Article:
Far in the “damning hot soils” of Juja—an arid region just 36 km northeast of Nairobi—the Upendo mushroom growers of Molo district attended a one-day workshop on mycelium at Jomo Kenyatta University of Agriculture and Technology. They also visited Juja-based farmers who are successfully cultivating the fungi in soil-and-wood constructed houses.
Oyster mushrooms are not only delicious and high in protein but provide income to farmers and are especially important to people n arid parts of developing countries.
The Upendo Mushroom Growers started growing oyster mushrooms this year with mixed results—they believe that some of the problems they faced stemmed from contaminated “seeds” (spawn).
The idea behind Friday’s visit, which NECOFA sponsored, was partly to give the growers a greater depth of knowledge about mycelium and partly to demonstrate that they cannot grow quality mushrooms without quality spawn, which they can only get from experts with specialized equipment (the university, for instance). Jomo Kenyatta university uses a mixture of mushroom spores, sorghum, lime-derivate calcium carbonate, dextrose and a number of sterilization gadgets and lab equipment worth approximately $30 to $40 million Kenya Shillings to create high-growth spawn using what they call “binary creation” techniques. Partly funded by the Japan International Cooperation Agency (JICA), the university is the only institution in East Africa that provides research on mycelium.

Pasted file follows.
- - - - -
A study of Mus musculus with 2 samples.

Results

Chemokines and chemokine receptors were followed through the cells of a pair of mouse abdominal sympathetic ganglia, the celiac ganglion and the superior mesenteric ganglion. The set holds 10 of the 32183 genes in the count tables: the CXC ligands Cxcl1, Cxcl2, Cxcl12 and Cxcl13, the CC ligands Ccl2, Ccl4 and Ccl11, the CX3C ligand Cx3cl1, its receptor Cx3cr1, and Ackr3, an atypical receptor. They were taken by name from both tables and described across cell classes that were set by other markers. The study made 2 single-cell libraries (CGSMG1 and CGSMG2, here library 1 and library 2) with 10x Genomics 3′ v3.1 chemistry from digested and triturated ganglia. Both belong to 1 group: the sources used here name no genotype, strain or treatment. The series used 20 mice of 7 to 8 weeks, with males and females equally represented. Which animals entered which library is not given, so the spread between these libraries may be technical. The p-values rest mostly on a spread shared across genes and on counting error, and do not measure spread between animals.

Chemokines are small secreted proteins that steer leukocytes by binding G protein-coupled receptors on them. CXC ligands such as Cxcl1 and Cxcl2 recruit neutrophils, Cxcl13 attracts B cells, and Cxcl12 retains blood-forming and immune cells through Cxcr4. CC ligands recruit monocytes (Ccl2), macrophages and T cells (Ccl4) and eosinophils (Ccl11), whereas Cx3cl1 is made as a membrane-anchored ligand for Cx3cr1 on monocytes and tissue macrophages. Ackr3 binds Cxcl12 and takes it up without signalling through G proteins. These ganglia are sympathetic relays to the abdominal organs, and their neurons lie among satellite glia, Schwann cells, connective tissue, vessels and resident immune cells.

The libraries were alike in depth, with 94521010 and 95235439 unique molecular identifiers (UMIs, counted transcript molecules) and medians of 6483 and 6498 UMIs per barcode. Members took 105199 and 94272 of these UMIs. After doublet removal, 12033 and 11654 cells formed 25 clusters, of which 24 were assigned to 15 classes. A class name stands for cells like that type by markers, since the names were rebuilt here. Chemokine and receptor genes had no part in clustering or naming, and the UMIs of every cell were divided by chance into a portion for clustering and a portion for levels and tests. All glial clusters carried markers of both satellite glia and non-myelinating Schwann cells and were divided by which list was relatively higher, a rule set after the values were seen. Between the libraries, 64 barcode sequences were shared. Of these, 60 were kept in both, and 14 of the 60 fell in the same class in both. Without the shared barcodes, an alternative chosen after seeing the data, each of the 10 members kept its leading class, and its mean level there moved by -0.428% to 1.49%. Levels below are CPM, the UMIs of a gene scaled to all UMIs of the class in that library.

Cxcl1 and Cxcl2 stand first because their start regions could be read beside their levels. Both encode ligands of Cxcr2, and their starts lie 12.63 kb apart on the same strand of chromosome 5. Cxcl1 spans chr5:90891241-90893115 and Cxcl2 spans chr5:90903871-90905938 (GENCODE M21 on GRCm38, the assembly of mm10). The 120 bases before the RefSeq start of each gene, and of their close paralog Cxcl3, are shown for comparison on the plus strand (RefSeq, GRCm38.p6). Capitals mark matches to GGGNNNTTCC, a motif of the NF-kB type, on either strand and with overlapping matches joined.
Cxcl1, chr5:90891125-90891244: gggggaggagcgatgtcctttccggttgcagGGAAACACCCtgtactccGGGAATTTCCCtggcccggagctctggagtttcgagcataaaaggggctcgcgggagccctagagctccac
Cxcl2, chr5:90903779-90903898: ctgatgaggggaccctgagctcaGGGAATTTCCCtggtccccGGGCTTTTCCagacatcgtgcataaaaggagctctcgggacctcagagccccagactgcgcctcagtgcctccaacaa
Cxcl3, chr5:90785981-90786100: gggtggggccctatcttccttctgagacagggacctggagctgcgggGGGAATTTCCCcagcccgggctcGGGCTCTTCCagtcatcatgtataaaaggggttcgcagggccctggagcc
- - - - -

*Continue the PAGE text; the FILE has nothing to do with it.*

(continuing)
IDEA coordinator and practicing mushroom farmer James Njore and his associate John Mucheru also participated in the visit.
Mushroom Factoid: Even expert mycologists haven’t yet fully plumbed the depths of this mysterious lifeform. In The Omnivore’s Dilemma, author Michael Pollen has this to say about it: “What we call a mushroom is only the tip of the iceberg of a much bigger and essentially invisible organism that lives most of its life underground. The mushroom is the “fruiting body” of a subterranean network of microscopic hyphae, improbably long rootlike cells that thread themselves through the soil like neurons. Bunched like cables, the hyphae form webs of (still microscopic) mycelium. Mycologists can’t dig up a mushroom like a plant to study its structure because its mycelia are too tiny and delicate to tease from the soil without disintegrating. Hard as it may be to see a mushroom—the most visible and tangible part!—to see the whole organism of which it is merely a component may simply be impossible. Fungi also lack the comprehensible syntax of plants, the orderly and visible chronology of seed and vegetative growth, flower, fruit, and seed again. The fungi surely have a syntax of their own, but we don’t know all its rules, especially the ones that govern the creation of a mushroom, which can take three years or thirty, depending. On what? We don’t really know (374).”